AT&T Takes Programming Option


WASHINGTON -AT&T Corp. plans to divest various programming interests next year to comply with MediaOne Group Inc. merger conditions, the company said Dec. 15 in a letter to the Federal Communications Commission.

If AT&T finds it cannot restructure itself as planned, the company said it would divest its 25 percent interest in Time Warner Entertainment, a partnership with Time Warner Inc. that includes at least 9.7 million cable subscribers, Home Box Office, and the Warner Bros. film studio.

AT&T has until May 19, 2001, to carry out its restructuring under the FCC's MediaOne merger order adopted in June. AT&T is the country's largest MSO, with 16 million subscribers.

By divesting its programming interests, AT&T would no longer own cable networks that sell programming to TWE. Because of that relationship, TWE's cable subscribers were added to AT&T's total subscriber count.

"We are diligently following through on what we said we'd do," James Cicconi, AT&T's general counsel and executive vice president, said in a prepared statement.

In June, the FCC required AT&T to sell cable subscribers or programming interests to comply with cable-ownership rules. Under those rules, which limit one MSO to 30 percent of the overall U.S. pay-TV market, AT&T had about 41 percent of the market.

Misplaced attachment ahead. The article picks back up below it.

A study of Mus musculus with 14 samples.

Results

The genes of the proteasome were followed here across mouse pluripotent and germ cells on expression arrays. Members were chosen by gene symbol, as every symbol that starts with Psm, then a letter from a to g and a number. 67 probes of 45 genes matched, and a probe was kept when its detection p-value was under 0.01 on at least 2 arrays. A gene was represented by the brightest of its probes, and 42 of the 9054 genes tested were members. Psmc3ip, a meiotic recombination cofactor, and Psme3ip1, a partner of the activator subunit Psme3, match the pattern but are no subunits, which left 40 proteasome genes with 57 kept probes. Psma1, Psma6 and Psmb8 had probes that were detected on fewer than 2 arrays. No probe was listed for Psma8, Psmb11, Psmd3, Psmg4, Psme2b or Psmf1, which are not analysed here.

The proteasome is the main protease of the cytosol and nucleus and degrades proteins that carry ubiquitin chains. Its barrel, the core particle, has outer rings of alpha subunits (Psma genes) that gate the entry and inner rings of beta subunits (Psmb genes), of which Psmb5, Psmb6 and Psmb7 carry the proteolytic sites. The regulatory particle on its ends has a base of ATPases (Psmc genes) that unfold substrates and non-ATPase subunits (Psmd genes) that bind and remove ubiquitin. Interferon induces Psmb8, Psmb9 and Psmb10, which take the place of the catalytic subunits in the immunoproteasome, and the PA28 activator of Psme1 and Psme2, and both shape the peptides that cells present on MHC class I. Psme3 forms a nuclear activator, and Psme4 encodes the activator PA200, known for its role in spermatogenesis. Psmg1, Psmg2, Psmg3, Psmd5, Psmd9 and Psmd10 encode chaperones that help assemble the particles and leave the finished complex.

Last month, AT&T took the first step toward meeting the merger conditions by announcing the spin-off of Liberty Media Group, contingent upon a favorable tax ruling from the Internal Revenue Service.

Because the Liberty deal was insufficient for full compliance with the FCC's order, AT&T needed to take additional steps on the programming front.

AT&T owns at least a dozen cable networks acquired with MediaOne, and owns 30 percent of Cablevision Systems Corp., parent of Rainbow Media Holdings Inc. Rainbow owns Bravo, the Independent Film Channel and American Movie Classics, which sell their services to TWE.

In the FCC letter, AT&T said it would spin off Liberty and also make "non-attributable its interests in other entities from which (TWE) purchases video programming."

AT&T can make its various programming interests non-attributable by selling some or all of the networks, by creating a trust that holds the networks or by converting voting stock to non-voting stock.

An AT&T spokesman said the company would not reveal its method for attaining non-attribution.

AT&T also said it would "take steps to ensure that Rainbow Media Sports Holdings Inc., In Demand, and the MediaOne-affiliated video programmers that are carried on TWE cable systems are no longer attributable to AT&T."

AT&T said it would notify the FCC by March 20, 2001 on the creation of an irrevocable trust to sell to dispose of its TWE interest, if that step becomes necessary.